Double Jeopardy: To Be Black and Female


Economic Exploitation of Black Women[edit]

The first section of the pamphlet talks about the economics of black women and how on average in 1969, a non-white woman made approximately three times less than a white man. Beal thus exposes the concrete economic raison d'être of both racism and sexism. In other words, it pays, for some, to uphold such reactionary and divisive ideologies since the more a group of people is marginalized and discriminated against the easier it is to exploit their labor (to have a pool of low-waged workers). Beal draws several conclusions from this: 1) that the divisions created between workers because of the different pay rates are hindering the advancement of the workers' struggle as a whole because white workers do not readily question their privileges; 2) that, in the end, one has to see different forms of exploitation as related to one another if we want to get rid of them all; 3) and that an awareness of, and an end to the super-exploitation of Black workers, and women in particular, should be a priority in the fight against capitalism. The essay discusses economic oppression of black women from the perspective of racism. However, Beal did not analyze class oppression as an independent form of oppression.[3] Although the economic oppression of black women was rooted in racism and sexism that historically constrained them to low wage jobs, black women face multiple oppressions that impede their liberation.[3] The essay discusses how capitalist system within the American society defined manhood. An individual is considered a real "man" if he has a good job, makes a lot of money and drives a fancy car.[1] For more context on this concept of manhood, see The Negro Family: The Case For National Action. The essay argues that many black women accepted this capitalist evaluation of manhood.[1] This contributed in the strained relationship between the black man and woman as black women viewed black men as lazy, hence their lack of employment.[1][4]

Bedroom Politics[edit]

Beal claims that the recent cry for birth control in both black and non white neighborhoods was more of a surgical genocide trying to prevent those of the non-white background from reproducing and increasing in numbers. The forced sterilization of black women and women of color violated their reproductive rights and this influence Beal's formation of Third World Women's Alliance and struggle for black women's liberation.[5] Beal discusses the lack of access to legal abortion for black women and other women of color, thus threatening their health.[6] However, black men were opposed to abortion for black women because they considered abortion as genocide for black people.

Relation to the White Movement[edit]

Another section of the essay focuses on the troubled relationship between black women and white women's movement. The difference is due to the white women's movement being too middle class and not speaking up against racism.[7] Moreover, white women's movement was insensitive to black women's issues such as abortion rights, forced sterilization and welfare rights.[8] The troubled relationship between black women and white women's movement was also seen in feminist organizations such as Student Non-violent Coordinating Committee as around 1965, white women were moving from SNCC to a more upper-middle-class Students for Democratic Society.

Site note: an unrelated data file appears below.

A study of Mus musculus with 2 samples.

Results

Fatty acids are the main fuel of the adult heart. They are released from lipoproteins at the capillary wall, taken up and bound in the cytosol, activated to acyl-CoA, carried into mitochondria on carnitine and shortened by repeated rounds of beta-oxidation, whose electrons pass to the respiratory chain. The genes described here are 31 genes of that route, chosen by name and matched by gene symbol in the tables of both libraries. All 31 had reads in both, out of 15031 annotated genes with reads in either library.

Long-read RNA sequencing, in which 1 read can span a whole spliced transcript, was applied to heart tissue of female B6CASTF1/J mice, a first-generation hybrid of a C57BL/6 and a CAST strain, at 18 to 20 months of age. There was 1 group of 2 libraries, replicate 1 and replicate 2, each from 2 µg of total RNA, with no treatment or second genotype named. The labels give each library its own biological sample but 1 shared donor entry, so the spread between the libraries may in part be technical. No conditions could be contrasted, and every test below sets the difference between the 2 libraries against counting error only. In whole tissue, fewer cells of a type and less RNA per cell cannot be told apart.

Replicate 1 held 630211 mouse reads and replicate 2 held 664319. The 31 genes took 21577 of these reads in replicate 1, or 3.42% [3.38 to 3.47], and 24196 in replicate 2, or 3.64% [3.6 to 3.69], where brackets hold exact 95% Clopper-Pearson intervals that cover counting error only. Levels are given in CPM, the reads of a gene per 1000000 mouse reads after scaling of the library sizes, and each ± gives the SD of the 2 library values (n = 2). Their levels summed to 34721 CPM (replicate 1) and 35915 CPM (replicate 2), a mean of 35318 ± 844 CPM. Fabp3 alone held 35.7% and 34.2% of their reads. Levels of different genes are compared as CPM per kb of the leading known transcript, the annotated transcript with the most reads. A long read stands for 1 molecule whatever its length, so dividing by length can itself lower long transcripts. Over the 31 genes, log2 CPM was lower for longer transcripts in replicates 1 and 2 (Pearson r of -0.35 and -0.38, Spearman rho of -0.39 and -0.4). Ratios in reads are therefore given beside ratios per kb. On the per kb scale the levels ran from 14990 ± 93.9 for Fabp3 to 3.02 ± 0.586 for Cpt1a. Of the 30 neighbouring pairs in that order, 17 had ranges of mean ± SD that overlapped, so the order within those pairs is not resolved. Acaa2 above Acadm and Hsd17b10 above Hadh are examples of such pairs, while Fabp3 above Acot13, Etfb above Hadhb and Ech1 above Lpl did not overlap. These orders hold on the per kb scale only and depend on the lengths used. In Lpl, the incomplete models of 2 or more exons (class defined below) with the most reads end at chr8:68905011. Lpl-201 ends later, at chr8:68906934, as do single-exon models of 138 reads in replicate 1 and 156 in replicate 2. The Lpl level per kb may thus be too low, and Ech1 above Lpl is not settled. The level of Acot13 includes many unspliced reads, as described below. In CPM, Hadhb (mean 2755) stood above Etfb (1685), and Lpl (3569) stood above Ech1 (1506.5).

The New World[edit]

The final part of the essay focuses on the new world in which Beal discusses male supremacy within the black liberation movement.[9] The pamphlet discusses the need for the black liberation movement to address the issues black women face.[3] The essay discusses the need to eliminate all forms of oppressions within society and the importance of black women to be at the forefront of the black liberation movement.[9] This pamphlet played an important role in the black rights movement for women and black feminist scholarship.[4] Beal's essay also influenced black feminist organizations such as the SNCC and TWWA.[8] Beal influenced TWWA naming its newspaper Triple Jeopardy, and adopted an analysis of black women's oppression through lenses of race, class and gender.[4]


  1. ^ a b c d Sisterhood is powerful : an anthology of writings from the women's liberation movement (Book, 1970). []. OCLC 96157.
  2. ^ "Frances M. Beal, Black Women's Manifesto; Double Jeopardy: To Be Black and Female". Retrieved 2015-10-16.
  3. ^ a b c King, Deborah K. (October 1988). "Multiple Jeopardy, Multiple Consciousness: The Context of a Black Feminist Ideology". Signs: Journal of Women in Culture and Society. 14 (1): 42–72. doi:10.1086/494491. ISSN 0097-9740.
  4. ^ a b c Benita, Roth (2003). "Second Wave Black Feminism in the African Diaspora: News from New Scholarship". Agenda Feminist Media: 46–58.
  5. ^ "Black Women's Activism: 2006". The Black Scholar. 36. Spring 2006. ProQuest 229767911.
  6. ^ Taylor, Ula (November 1998). "The Historical Evolution of Black Feminist Theory and Praxis". Journal of Black Studies. 29 (2): 234–253. doi:10.1177/002193479802900206. ISSN 0021-9347.
  7. ^ (EDT), Taylor, Keeanga-Yamahtta (2017). HOW WE GET FREE : Black Feminism and the Combahee River Collective. Consortium Book Sales & Dist. ISBN 9781608468553. OCLC 1014297168.
  8. ^ a b Hunter, Charlayne (1970). "Many Blacks Wary of 'Women's Liberation' Movement in the U.S.". New York Times.
  9. ^ a b Jordan, June (1979). "To Be Black and Female". New York Times. Retrieved November 18, 2018.